Meditating on God’s Word - Friday get_app
What do you think of when you hear the word meditation? Likely, you think of someone sitting in a crisscrossed position with her eyes closed, humming and trying her best to empty her mind. Because of the anti-Christian affiliations with meditation, many are wary of such a practice, but biblical meditation is quite different from those forms of meditation. We need not be wary of biblical meditation. In fact, we are commanded to meditate on God’s Word see it modeled countless times throughout Scripture.
What is Joshua supposed to do regarding the Book of the Law? (meditate on it all the time)
Why is Joshua to meditate on God’s Word? (so he will do what is written in it)
Who does this passage say is blessed? (the one who delights in the law of God and meditates on it)
Why does the psalmist have more understanding than his teachers?(he meditates on God’s testimonies, that is, his Word)
The main difference between worldly meditation and biblical meditation is that worldly meditation is about emptying your mind while biblical meditation is about filling it – with God and his truth found in Scripture. It is not a passive activity; it is mental activity – a discipline we must train ourselves to do. Biblical meditation is not letting your mind wander aimlessly, loosely tied to some words in your Bible; it is focusing your thoughts. It has a direction and that direction is determined by God’s Word itself as you focus your attention on a word, phrase, or teaching you have chosen from his Word.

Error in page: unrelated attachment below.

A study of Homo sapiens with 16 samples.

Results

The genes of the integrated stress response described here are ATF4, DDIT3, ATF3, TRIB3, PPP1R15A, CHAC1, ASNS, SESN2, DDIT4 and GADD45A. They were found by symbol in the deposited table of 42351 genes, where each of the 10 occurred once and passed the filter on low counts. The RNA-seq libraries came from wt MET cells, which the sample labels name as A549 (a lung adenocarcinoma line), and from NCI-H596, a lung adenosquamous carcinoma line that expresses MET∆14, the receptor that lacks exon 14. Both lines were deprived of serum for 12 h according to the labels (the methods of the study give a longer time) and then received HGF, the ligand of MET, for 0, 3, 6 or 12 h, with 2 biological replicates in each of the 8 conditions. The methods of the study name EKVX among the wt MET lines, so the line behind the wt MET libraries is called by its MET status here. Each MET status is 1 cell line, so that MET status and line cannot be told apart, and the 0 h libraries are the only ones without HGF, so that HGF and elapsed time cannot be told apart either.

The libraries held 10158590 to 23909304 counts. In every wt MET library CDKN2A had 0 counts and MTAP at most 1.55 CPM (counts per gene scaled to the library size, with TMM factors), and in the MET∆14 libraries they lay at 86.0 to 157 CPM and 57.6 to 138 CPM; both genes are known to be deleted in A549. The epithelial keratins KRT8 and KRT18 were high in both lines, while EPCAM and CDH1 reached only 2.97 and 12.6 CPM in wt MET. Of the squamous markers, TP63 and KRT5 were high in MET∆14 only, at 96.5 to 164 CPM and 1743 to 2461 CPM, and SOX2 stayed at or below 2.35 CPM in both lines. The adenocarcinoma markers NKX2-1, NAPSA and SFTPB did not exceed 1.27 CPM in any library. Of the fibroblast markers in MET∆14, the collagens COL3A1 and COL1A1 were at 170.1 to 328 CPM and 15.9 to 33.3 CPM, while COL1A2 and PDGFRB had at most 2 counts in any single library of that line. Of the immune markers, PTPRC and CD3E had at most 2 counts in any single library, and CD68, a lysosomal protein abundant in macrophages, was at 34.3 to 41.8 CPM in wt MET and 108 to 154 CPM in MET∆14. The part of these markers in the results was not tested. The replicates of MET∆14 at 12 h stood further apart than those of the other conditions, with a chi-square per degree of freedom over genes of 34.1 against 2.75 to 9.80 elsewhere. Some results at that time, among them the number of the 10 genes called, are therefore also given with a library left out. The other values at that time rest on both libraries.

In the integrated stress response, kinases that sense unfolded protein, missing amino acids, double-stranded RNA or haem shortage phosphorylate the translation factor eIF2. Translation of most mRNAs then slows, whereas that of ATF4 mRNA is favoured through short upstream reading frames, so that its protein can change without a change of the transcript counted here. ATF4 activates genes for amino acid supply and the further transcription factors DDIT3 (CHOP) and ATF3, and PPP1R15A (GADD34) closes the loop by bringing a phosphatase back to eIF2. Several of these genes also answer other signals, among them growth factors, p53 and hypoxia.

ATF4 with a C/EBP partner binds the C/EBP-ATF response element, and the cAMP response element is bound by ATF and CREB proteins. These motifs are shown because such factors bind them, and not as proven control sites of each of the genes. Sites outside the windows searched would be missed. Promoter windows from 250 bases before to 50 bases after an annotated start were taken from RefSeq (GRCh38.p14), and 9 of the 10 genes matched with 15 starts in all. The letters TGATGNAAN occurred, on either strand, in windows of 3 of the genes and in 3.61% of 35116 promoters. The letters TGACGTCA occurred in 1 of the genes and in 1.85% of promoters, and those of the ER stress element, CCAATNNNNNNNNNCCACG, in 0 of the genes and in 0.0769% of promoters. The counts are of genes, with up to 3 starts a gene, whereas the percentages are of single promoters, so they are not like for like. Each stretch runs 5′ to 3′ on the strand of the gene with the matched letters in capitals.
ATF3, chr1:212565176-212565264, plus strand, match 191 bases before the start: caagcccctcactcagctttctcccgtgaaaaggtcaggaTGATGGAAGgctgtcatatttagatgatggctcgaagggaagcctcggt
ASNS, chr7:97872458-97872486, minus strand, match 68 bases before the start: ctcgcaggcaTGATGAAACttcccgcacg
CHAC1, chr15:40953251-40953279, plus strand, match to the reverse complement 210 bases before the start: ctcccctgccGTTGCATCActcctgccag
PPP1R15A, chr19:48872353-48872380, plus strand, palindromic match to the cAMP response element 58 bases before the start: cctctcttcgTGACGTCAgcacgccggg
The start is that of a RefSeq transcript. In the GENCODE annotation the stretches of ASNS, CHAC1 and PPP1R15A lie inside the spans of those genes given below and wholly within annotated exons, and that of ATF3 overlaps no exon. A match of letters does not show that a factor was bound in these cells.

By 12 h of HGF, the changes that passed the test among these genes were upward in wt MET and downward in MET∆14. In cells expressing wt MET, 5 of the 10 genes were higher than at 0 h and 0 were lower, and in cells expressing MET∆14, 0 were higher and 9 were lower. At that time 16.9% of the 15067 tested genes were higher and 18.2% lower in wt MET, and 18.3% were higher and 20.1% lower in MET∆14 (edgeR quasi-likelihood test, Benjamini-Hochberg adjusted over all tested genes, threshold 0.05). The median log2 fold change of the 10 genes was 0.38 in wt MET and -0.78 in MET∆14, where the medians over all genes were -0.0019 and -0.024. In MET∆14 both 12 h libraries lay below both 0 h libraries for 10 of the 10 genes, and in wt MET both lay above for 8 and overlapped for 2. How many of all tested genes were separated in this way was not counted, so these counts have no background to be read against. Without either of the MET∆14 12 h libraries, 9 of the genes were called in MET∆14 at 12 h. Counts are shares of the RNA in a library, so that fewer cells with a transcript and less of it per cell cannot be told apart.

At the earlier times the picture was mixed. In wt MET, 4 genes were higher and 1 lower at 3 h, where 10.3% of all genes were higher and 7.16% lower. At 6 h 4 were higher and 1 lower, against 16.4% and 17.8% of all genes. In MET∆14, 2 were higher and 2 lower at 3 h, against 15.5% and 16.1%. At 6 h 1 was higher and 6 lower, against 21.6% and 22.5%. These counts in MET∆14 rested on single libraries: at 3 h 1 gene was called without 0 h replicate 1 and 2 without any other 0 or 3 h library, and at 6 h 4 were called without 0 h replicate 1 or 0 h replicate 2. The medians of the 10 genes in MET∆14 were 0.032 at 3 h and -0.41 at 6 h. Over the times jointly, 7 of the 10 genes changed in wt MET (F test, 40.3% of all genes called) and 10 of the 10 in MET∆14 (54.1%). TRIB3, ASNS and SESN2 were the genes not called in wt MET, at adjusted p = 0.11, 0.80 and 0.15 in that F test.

If God’s Word is meant to be heard, read, and studied, then it is surely meant to be lingered in and enjoyed as well. When we meditate on God’s Word, it is far more likely that we will be convinced personally and appropriately of the truths of God’s Word and their application to us.
Again, I want to encourage you that you can do this. There are many methods to help you focus and meditate on God’s Word. Summarize the text; memorize the text; point the text to Jesus (appropriately); pray through the text; but make sure you don’t rush the text – take your time.
In general, we should read and meditate daily. So read big and mediate small. Let’s get started now. Reread a chapter or two that you’ve read previously this week, then select a passage (try to find a verse or two that summarizes the main message of the section) and meditate on it individually. After several minutes, talk with your family about what truths you were dwelling on and what you did to keep yourself focused rather than wandering aimlessly.
Close your time of family worship in a time of prayer, remembering the truths you’ve meditated on and thanking God for his Word and for the mind he has given us so that we can think deeply about the truths found in his Word.